By Paul Richter

Army investigators are trying to reconcile conflicting accounts of whether a female general at the center of a high-profile sex harassment case confronted a male peer when he allegedly groped her in her Pentagon office four years ago, officials said Monday.

Lt. Gen. Claudia J. Kennedy, the Army’s highest-ranking woman, has told authorities that she tried to settle the matter with Maj. Gen. Larry Smith when he allegedly touched her during an October 1996 meeting.

Smith, however, maintains there was no such discussion, according to officials.

The conflict is another signal that defense officials may find it difficult to find corroborated accounts and clear-cut answers to a case that has roiled the Army since it came to light on March 30.

While sexual harassment cases often involve contradictory “he said-she said” testimony, the lack of supporting evidence in this instance could make it difficult to deal with allegations that have acquired enormous political sensitivity.

Kennedy, 52, the Army’s top intelligence officer, has been a symbol of the Army’s new opportunities for women. Smith, 55, is a decorated veteran with three combat tours in Vietnam and was nominated last August to be the Army’s deputy inspector general.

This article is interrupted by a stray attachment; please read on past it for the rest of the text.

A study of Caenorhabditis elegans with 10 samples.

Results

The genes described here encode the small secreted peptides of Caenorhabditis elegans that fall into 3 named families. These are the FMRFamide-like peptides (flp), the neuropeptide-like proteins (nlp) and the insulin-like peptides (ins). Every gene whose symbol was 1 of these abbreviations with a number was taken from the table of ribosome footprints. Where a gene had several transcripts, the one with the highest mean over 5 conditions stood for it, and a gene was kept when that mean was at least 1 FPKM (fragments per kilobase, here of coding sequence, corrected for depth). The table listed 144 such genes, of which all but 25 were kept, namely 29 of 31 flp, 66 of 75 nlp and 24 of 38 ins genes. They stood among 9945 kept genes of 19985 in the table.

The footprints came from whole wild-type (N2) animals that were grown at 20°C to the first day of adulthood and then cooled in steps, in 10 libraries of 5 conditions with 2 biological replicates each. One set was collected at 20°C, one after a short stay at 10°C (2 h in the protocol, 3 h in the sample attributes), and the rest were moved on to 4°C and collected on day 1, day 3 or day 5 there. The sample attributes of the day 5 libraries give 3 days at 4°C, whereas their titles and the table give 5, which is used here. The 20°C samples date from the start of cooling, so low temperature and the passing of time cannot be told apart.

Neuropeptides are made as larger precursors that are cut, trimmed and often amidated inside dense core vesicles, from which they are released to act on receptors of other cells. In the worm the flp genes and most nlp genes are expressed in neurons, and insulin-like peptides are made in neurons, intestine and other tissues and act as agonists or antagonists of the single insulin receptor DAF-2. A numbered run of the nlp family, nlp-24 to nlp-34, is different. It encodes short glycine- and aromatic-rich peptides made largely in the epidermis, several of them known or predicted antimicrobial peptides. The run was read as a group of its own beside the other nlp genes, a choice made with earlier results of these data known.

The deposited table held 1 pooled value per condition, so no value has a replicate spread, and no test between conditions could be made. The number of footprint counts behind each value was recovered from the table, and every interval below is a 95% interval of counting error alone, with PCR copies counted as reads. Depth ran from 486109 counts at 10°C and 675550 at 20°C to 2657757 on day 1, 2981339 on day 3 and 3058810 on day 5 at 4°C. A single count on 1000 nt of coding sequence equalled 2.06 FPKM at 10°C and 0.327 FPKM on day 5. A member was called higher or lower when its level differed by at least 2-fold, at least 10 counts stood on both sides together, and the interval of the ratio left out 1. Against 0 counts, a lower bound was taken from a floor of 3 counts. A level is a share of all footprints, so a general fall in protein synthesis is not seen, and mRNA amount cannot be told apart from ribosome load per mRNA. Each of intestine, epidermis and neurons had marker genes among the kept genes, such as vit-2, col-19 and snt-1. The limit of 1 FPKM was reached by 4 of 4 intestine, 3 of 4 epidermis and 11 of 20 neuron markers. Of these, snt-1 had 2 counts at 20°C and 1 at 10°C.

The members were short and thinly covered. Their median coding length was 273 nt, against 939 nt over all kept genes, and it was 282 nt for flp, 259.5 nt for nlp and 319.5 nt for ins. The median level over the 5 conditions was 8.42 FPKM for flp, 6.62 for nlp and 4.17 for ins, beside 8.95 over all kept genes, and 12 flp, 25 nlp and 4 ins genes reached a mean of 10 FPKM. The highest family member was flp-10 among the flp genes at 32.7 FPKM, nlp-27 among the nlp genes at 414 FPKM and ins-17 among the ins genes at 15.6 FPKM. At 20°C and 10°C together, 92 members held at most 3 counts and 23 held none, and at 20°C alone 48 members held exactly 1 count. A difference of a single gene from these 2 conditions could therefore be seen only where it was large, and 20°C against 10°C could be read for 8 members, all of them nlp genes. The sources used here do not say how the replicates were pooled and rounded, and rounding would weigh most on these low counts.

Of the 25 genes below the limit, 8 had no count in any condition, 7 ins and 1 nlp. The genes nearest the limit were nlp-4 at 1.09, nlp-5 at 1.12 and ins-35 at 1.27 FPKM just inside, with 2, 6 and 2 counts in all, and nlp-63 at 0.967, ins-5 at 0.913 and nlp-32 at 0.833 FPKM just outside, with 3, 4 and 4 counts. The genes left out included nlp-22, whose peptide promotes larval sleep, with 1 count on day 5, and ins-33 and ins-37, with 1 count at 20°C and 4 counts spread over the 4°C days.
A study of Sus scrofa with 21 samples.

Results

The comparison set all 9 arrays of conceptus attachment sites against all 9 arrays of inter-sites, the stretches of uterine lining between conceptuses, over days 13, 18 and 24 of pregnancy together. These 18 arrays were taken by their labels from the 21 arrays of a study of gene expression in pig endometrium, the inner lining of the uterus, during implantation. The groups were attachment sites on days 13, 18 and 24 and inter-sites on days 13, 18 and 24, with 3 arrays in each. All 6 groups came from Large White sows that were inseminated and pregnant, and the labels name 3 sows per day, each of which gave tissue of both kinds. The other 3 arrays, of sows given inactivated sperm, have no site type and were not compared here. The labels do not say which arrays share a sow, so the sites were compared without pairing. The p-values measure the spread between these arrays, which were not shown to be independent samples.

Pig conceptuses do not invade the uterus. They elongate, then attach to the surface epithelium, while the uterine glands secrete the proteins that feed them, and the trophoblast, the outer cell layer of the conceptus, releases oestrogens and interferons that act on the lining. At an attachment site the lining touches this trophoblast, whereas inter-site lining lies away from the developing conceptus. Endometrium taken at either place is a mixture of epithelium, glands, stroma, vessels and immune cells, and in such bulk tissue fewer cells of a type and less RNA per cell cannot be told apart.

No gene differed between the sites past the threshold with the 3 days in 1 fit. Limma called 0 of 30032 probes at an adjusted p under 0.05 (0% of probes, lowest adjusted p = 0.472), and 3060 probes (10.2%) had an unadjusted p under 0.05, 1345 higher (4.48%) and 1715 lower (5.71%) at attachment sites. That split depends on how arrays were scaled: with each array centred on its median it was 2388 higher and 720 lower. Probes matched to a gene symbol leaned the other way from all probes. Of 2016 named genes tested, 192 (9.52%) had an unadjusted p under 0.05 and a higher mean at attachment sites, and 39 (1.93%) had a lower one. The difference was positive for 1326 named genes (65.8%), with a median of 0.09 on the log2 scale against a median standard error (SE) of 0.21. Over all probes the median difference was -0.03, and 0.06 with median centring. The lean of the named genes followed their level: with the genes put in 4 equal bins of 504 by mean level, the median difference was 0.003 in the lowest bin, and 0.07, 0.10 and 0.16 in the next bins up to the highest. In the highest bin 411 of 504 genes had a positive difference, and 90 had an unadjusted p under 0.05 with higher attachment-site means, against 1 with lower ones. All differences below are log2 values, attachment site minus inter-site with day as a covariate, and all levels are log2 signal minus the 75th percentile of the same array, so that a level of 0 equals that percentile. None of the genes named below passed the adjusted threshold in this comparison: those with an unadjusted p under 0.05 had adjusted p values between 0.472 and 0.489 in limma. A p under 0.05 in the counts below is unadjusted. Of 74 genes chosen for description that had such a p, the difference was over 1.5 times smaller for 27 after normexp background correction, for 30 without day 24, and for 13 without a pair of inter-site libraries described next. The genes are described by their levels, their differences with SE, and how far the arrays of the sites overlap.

Both Kennedy and Smith repeatedly have refused to comment on the allegations.

Army officials, too, have declined all comment, citing concerns about privacy and the integrity of the investigation.

In another indication of the difficulties facing investigators, officials said that, contrary to some earlier accounts by officials, Kennedy did not alert any superior to the alleged incident in 1996 after it allegedly happened. Some officials previously had said that she had made such a report informally to at least one officer in her chain of command.

A report to her superiors in 1996 would have added to her credibility when she came forward last September to argue that Smith, while perhaps a good candidate for another post, was poorly suited to be deputy inspector general.

Inspectors general oversee investigations into all sorts of alleged misconduct, including sexual harassment, and historically have been chosen from officers whose integrity is above challenge.